McIlroy: My best is more than good enough to win golf’s biggest prizes

John Craven

Rory McIlroy (Photo by Cliff Hawkins/Getty Images)

Ahead of this week’s Players Championship, Rory McIlroy is adamant his best golf remains more than good enough to win the biggest tournaments, but he concedes he could improve mentally to aid future success.

McIlroy was speaking from TPC Sawgrass after taking Monday to clear his head having succumbed to the devilish conditions at Bay Hill over the weekend.

The 32-year old signed for a pair of 76s having opened the tournament with an ominous seven-under par 65. Although an eight-over par weekend ensued, McIlroy hinted that his first round effort is a fairer reflection as to where his game is at, while accepting he could’ve been mentally tougher over a brutal weekend at Arnie’s place.

“You never want to go out and shoot eight-over over a weekend, but I didn’t feel like it was as bad as that,” McIlroy explained. “I guess it was just more maybe me just getting frustrated and mentally not being able to handle that challenge a bit.

“Yeah, there’s certainly golf courses that make you a little tentative and careful and maybe throw you off your game a bit, but I think if you’re confident in where your game is at, then it shouldn’t really affect you that much.”

McIlroy certainly let his frustration get the better of him at Bay Hill, most notably when he snapped his wedge over his knee following two poor chips on the par-5 12th on Sunday.

With rain forecast for the first two days at Sawgrass, there’ll be no fear of having to contend with lifeless greens this time out, and although the 2019 champion opened with a 79 at this tournament 12 months ago, McIlroy believes his game is in a much stronger place to go and contend this week having worked through his swing demons.

“I came in here last year not very confident in my golf game. I didn’t feel like I was playing well. I sort of had a two-way miss going. I was missing it left, missing it right. So I’m a lot more comfortable with my game coming in this year,” McIlroy said, having worked with Pete Cowen for a time last year before returning exclusively to lifelong coach Michael Bannon.

“I don’t want to tempt fate, but there would have to be a drastic change in my game from now until Thursday for me to go and shoot 79 in the first round, but it is golf and you never know.

“I just feel much more comfortable with where my game is, where my swing is at. Look, it’s always important to get off to good starts in golf tournaments, and I obviously didn’t do that last year, but in 2019 I did. I got off to a great start the first two days, and that set me up to have a solid weekend and go on and win.

“I’m playing Thursday afternoon and Friday morning. The weather forecast looks like it’s going to be the same for everyone, just looks like rain pretty much all day those two days.

“Yeah, just try to handle the conditions as best as we can and try to shoot a couple of solid scores and get through to the weekend and go from there.”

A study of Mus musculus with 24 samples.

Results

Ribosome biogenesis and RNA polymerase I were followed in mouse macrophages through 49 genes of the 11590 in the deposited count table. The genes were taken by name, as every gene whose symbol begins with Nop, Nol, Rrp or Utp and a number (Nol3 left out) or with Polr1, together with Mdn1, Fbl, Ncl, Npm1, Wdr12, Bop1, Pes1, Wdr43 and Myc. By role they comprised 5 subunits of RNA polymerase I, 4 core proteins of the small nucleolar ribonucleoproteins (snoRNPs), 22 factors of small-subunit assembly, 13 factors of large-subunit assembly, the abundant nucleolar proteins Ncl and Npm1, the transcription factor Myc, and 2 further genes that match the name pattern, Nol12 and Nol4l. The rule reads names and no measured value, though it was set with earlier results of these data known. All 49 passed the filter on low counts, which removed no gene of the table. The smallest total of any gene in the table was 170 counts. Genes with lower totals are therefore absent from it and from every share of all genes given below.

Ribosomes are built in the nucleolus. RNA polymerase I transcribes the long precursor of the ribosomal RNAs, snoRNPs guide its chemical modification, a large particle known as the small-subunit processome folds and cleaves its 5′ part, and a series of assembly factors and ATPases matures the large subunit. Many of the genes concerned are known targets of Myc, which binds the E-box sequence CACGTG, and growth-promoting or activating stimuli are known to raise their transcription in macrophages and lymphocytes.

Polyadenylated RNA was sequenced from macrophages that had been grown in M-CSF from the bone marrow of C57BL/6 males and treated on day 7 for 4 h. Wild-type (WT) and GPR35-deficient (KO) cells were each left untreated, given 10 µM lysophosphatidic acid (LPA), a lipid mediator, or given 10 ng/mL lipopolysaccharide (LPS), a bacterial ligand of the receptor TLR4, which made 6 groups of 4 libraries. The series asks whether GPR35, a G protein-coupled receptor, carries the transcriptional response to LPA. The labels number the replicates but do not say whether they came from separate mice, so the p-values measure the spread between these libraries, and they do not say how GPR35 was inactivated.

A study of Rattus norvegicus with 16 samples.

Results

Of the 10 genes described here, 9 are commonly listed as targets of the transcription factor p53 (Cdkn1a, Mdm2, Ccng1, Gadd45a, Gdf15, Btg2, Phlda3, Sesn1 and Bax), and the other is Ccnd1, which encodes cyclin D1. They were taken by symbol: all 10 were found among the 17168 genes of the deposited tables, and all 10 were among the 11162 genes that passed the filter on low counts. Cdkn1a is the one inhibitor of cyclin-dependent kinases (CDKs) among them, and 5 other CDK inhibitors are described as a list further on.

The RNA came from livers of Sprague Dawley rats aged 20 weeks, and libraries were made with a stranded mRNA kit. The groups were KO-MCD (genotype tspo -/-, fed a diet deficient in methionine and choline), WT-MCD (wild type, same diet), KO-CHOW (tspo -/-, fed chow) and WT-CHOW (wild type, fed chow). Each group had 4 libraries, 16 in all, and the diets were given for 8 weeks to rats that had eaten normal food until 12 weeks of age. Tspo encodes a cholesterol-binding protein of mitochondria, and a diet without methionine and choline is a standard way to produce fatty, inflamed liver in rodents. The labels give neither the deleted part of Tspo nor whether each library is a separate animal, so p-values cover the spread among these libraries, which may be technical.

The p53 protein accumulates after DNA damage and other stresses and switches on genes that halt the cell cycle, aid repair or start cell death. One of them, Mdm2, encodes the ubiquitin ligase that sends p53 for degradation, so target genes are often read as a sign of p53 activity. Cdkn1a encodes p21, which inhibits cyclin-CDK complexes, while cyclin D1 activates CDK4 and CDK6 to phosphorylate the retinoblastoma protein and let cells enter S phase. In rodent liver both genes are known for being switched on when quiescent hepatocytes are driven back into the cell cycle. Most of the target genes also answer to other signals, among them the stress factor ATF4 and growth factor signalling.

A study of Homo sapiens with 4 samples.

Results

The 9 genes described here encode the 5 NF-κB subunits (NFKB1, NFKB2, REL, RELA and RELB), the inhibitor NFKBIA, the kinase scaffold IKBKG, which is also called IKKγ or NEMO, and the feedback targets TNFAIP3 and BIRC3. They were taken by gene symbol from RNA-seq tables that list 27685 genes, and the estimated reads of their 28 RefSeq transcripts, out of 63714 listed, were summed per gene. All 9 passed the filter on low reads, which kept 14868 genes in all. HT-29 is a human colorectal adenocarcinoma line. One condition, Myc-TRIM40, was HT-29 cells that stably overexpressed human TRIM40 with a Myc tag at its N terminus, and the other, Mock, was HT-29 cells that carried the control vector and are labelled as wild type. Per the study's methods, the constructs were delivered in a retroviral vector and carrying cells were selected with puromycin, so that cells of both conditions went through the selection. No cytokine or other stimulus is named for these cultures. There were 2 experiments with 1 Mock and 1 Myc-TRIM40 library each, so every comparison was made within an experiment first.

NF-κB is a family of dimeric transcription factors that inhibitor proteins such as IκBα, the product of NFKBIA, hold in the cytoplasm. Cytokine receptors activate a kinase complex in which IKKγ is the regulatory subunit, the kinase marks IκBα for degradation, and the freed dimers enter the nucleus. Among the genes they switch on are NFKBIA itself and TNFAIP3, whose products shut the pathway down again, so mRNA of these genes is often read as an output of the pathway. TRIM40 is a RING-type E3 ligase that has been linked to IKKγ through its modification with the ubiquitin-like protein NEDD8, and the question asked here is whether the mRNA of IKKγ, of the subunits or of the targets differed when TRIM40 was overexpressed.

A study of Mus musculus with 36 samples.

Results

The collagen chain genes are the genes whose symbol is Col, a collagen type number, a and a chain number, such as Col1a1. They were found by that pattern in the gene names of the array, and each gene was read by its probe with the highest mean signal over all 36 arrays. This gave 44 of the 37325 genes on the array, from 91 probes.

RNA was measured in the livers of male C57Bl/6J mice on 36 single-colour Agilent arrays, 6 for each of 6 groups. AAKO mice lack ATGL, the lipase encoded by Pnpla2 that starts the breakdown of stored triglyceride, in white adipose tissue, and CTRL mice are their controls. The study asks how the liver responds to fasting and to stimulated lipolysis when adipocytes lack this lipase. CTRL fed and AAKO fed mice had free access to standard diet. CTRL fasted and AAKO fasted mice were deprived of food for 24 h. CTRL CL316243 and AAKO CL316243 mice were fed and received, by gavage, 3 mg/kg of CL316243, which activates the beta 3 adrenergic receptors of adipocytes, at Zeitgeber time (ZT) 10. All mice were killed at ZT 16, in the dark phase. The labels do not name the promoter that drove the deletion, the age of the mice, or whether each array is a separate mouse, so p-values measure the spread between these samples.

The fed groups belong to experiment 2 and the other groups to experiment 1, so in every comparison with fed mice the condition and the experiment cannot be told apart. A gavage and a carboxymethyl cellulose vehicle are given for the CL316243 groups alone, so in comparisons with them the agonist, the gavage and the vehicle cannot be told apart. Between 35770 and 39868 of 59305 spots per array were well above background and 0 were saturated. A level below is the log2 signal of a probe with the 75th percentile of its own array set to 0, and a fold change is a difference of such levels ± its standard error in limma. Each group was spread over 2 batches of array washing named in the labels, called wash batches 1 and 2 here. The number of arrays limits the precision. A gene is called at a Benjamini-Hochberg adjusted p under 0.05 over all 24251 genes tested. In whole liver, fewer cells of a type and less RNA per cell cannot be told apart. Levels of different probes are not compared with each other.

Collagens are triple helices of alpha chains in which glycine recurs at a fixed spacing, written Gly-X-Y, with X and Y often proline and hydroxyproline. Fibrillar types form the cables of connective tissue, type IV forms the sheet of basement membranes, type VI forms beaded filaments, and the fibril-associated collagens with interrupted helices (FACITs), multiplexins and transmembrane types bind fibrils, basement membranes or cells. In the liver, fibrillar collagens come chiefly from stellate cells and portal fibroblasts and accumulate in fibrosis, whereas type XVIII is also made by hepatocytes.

There’s been splashes of brilliance in McIlroy’s play, particularly since a confidence boosting Sunday singles win over Xander Schauffele at the Ryder Cup, but sprinkles of doubt also remain in McIlroy’s mental fortitude.

The weekend at Bay Hill wasn’t an isolated incident. At the same tournament 12 months ago, Rory opened with a 66 and closed with a 76. At the Hero World Challenge, he opened with a 66 only to reverse with a moving day 75. Similarly, he carded a moving day 74 at the Tour Championship to fall out of contention, and opened the DP World Tour Championship with a 65 before his challenge faded with a 74 on Sunday in Dubai last November.

“I’ve basically got a 50 percent top ten record in my career, and that is a pretty high level of consistency,” McIlroy answered, when asked if he ever wished if he was a more boring golf, a question nibbling at some of his Jekyll and Hyde performances

“Could I have won more tournaments? Of course I could have won more tournaments, but so could everyone. Everyone could say that. Sometimes you need the lows to learn about what you need to do to go forward.

“I’ve always welcomed those low times because that’s where growth comes from. That’s where improvement comes from and reassessing where you are. I feel like in life you need those low times to sort of figure out, okay, this is where I am. This is what I need to do to go forward, and you just keep trying to go forward.”

Above all else, McIlroy has identified his mental game as something he would like to improve. Be it dealing with adversity, or dealing with contention, McIlroy is not as bulletproof as he was when he picked up four Majors, and he identified perhaps the strongest mind of them all – Tiger Woods’ – as one he’d love to try and emulate.

“I think one of his biggest attributes was his head and his mind and how good he was in that regard, and that’s something I’m always still trying to work on,” McIlroy said.

“I think I’ve got most of the physical aspects down, but he was certainly head and shoulders above the rest when it came to the mental side of things. That’s something I’d love to try to keep improving on and try to incorporate into my own game.”

For now, McIlroy’s belief remains steadfast in his physical game. The mental side of things may need work, yet despite golf’s top-5 packing fresh and fearless blood in its pecking order, the world number 6 has no doubt as to who the best player in the world is on any given Sunday.

“I can’t control what those guys do,” McIlroy said, who won twice last year at the CJ Cup and Wells Fargo.

“All I can do is go out and play the best golf that I can, and if that’s good enough to win tournaments, that’s great, and if it’s not, then you have to try to make improvements.

“I still feel like my best golf is more than good enough to win the biggest golf tournaments in the world, so I don’t worry about that.”